Charlie Chaplin’s The Great Dictator (1940) satirizes Adolf Hitler and the growth of National Socialism in Germany with Chaplin in a dual role as dictator Adenoid Hynkel and a persecuted Jewish barber. Hynkel implements policies of strict control on the Jewish population of the country of Tomania, while planning the invasion of the nearby country Austerlich as a first step towards ruling the world. The barber resists attempts by storm troopers to take over his shop, and winds up in a concentration camp.
The Great Dictator raises the question about whether it is possible to make a successful comedy out of such grim subject matter as Nazi totalitarianism. Chaplin himself said later that a comedy would have been impossible if he had known the full extent of what was going on in Germany, how utterly beyond the pale events were even compared to those occurring under other dictatorships. Here Hynkel and his storm troopers are bumbling figures (Hynkel falls down stairs, dances with an inflatable globe, and rants in German gibberish; the storm troopers are neutralized with a bop to the head with a frying pan), and nothing so funny would seem to pose a serious threat. Must laughter then be disqualified as a weapon against evil?
Chaplin, apparently deciding that humor is finally not enough, forsakes it in the final scene, choosing to end the film with a direct appeal to viewers’ hearts as the barber makes a speech denouncing the ills of dictatorship and calling for unity and democracy. However sensible the ideas are, the speech itself has been criticized as preachy and out of character for the mostly silent barber (this is Chaplin’s first full-sound film, the better for the audience to hear the speeches). Both humor and earnestness have their pitfalls, but what else is there to do within the bounds of cinema?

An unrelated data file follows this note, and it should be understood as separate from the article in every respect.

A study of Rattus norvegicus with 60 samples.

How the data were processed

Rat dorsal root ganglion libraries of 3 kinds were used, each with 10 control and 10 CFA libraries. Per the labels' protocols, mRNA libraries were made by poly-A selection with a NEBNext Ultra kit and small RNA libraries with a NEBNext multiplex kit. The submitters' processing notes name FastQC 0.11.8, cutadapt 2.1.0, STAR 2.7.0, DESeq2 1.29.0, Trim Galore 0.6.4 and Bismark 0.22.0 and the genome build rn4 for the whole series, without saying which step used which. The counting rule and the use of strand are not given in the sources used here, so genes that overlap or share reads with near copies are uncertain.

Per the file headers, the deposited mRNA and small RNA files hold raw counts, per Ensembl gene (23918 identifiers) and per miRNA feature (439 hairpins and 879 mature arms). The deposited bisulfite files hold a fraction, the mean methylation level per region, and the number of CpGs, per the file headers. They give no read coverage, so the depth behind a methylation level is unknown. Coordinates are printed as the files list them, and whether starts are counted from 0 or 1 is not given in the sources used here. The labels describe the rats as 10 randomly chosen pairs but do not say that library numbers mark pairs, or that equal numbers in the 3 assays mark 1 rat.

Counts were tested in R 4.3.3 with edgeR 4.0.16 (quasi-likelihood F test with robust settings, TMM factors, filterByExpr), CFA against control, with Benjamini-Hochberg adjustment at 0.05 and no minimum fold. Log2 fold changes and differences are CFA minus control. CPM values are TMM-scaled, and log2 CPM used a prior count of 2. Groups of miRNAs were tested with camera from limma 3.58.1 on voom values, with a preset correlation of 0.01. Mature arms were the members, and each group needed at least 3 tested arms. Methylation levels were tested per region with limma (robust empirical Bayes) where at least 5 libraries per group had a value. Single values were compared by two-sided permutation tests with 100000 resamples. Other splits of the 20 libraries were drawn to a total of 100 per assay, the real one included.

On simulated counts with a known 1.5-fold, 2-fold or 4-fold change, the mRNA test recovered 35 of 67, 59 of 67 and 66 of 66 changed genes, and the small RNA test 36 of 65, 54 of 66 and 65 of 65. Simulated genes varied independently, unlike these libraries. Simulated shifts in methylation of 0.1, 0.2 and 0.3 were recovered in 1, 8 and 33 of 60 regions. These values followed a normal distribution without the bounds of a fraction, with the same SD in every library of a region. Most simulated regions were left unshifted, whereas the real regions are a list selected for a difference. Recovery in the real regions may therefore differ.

Chaplin’s performances are so impressive that it is easily to overlook the supporting cast, but some in particular deserve credit: Paulette Goddard, Chaplin’s then-spouse, both feisty and touching as Hannah, an inhabitant of the Jewish ghetto in Tomania who helps the barber in his struggle against the storm troopers, and Jack Oakie as the Mussolini figure Napaloni, dictator of Bacteria. Napaloni’s food-throwing quarrels with Hynkel are among the film’s comic highlights.
The Great Dictator is not your average comedy; it provokes thought about what are the proper limits of humor and when one can say what topics just aren’t funny. Although that may not have been at the forefront of Chaplin’s mind, that is the effect of his film, and raising questions about the nature of humor itself is one of the many things makes Chaplin one of the greatest of comedians.
James Garfield, a graduate of Claremont College’s Master of Arts in Flim Studies, serves Perelandra College as an administrator.